STORY: Police began clearing climate protesters out of an abandoned village in Germany on Wednesday (January 11) in a showdown over the expansion of an opencast coal mine.
Demonstrators have been protesting against the Garzweiler mine, run by energy firm RWE in the village of Luetzerath.
It has highlighted tensions around Germany's climate policy during an energy crisis.
RWE in a statement on Wednesday morning said it would start to demolish the former settlement of the village.
The latest round of protests follows a regional court decision on Monday (January 9) that upheld an earlier ruling to vacate the village.
The land and houses now belong to RWE and all residents are gone.
Activists have taken over the village and made makeshift barricades.
They formed human chains as police in riot gear moved in.
Police said protesters had begun throwing Molotov cocktails, beer bottles and stones.
The standoff could take weeks to resolve, according to authorities.
Some protesters, like Sascha, which is not her real name, have been living in tree houses. Others have suspended themselves from wires and wooden frames.
“I've been here for a week now, and before that I was here on and off for weeks at a time, because I think we have to work to make sure that Luetzerath stays. It's the red line of 1.5 degree."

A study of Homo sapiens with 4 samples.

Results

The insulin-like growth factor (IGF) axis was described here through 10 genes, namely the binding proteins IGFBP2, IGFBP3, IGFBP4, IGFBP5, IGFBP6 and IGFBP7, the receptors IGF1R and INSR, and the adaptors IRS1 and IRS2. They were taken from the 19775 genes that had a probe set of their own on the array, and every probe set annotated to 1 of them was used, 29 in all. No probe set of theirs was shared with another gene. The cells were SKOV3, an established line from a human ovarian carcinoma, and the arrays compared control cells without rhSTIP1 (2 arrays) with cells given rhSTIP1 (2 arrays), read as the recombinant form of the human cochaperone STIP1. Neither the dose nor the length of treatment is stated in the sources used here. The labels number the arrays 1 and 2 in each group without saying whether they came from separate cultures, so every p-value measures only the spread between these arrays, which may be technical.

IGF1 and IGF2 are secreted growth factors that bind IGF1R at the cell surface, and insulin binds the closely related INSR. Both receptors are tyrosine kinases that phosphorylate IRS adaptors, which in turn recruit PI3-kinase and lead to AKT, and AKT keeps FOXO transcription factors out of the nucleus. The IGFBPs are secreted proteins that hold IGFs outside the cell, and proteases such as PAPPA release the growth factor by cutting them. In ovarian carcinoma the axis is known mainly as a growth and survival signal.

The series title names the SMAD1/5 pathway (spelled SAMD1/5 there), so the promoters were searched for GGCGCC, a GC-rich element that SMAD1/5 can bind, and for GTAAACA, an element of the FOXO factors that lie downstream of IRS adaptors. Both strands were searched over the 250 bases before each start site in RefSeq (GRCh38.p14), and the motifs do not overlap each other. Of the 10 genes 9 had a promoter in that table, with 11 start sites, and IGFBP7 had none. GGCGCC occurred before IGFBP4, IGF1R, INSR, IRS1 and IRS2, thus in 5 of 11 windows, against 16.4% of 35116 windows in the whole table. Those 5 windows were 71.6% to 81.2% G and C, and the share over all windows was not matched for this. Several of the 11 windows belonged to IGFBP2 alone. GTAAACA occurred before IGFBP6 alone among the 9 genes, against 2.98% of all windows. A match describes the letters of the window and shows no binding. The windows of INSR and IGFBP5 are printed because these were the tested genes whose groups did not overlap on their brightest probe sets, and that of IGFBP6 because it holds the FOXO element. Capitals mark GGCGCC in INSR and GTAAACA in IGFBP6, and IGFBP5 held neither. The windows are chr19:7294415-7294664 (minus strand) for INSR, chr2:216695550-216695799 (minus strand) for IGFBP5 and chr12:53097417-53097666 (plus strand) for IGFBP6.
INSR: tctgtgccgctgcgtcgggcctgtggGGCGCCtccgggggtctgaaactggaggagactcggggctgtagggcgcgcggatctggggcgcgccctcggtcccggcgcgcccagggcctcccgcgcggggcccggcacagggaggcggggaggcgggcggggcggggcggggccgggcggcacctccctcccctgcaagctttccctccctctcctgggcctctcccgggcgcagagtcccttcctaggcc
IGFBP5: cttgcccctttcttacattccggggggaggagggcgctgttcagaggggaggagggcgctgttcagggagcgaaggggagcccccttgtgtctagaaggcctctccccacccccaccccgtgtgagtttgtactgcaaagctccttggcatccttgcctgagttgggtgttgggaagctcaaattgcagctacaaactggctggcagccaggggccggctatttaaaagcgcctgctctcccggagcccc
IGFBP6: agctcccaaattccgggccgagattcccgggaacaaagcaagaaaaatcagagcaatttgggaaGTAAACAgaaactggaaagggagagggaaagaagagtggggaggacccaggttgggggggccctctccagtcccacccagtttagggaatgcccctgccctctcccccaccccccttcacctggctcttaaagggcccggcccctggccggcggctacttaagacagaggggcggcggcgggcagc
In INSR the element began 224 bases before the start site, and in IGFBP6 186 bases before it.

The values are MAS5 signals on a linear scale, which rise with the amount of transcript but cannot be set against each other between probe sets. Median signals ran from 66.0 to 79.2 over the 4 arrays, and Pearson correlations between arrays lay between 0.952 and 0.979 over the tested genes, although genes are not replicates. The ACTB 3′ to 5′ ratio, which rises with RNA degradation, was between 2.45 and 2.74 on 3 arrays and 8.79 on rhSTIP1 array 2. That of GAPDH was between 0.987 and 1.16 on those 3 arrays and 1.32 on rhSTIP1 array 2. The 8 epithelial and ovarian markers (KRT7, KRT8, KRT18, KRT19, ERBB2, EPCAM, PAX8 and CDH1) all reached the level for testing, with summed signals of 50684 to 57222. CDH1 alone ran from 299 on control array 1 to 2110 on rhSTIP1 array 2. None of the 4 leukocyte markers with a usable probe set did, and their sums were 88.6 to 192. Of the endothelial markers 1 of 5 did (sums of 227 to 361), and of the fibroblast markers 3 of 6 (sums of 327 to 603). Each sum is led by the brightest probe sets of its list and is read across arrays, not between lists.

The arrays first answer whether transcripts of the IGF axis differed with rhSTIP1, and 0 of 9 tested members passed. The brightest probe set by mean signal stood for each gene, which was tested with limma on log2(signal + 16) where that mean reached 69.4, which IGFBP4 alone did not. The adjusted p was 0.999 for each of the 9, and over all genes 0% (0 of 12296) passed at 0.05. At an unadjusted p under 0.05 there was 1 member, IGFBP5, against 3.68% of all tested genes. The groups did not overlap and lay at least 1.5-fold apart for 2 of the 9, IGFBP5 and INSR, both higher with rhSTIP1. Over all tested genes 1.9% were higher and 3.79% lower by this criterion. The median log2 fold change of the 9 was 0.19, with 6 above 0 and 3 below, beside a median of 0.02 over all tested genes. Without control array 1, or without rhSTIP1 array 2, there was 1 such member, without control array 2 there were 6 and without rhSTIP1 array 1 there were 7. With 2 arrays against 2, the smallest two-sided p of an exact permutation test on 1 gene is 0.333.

The protests highlight growing tensions over Berlin's climate policy.
Environmentalists say it took a back seat during the energy crisis that hit Europe last year after Russia's invasion of Ukraine, forcing a return to dirtier fuels.
The war in Ukraine has prompted the government to change course on previous policies.
Those include firing up mothballed coal power plants and extending the lifespan of nuclear power stations after Russia cut gas deliveries to Europe in an energy standoff that sent prices soaring.
The government has, however, brought forward the date when all brown coal, or lignite power plants will be shut down in North Rhine-Wesphalia, where the Garzeiler mine is located, to 2030 from 2038.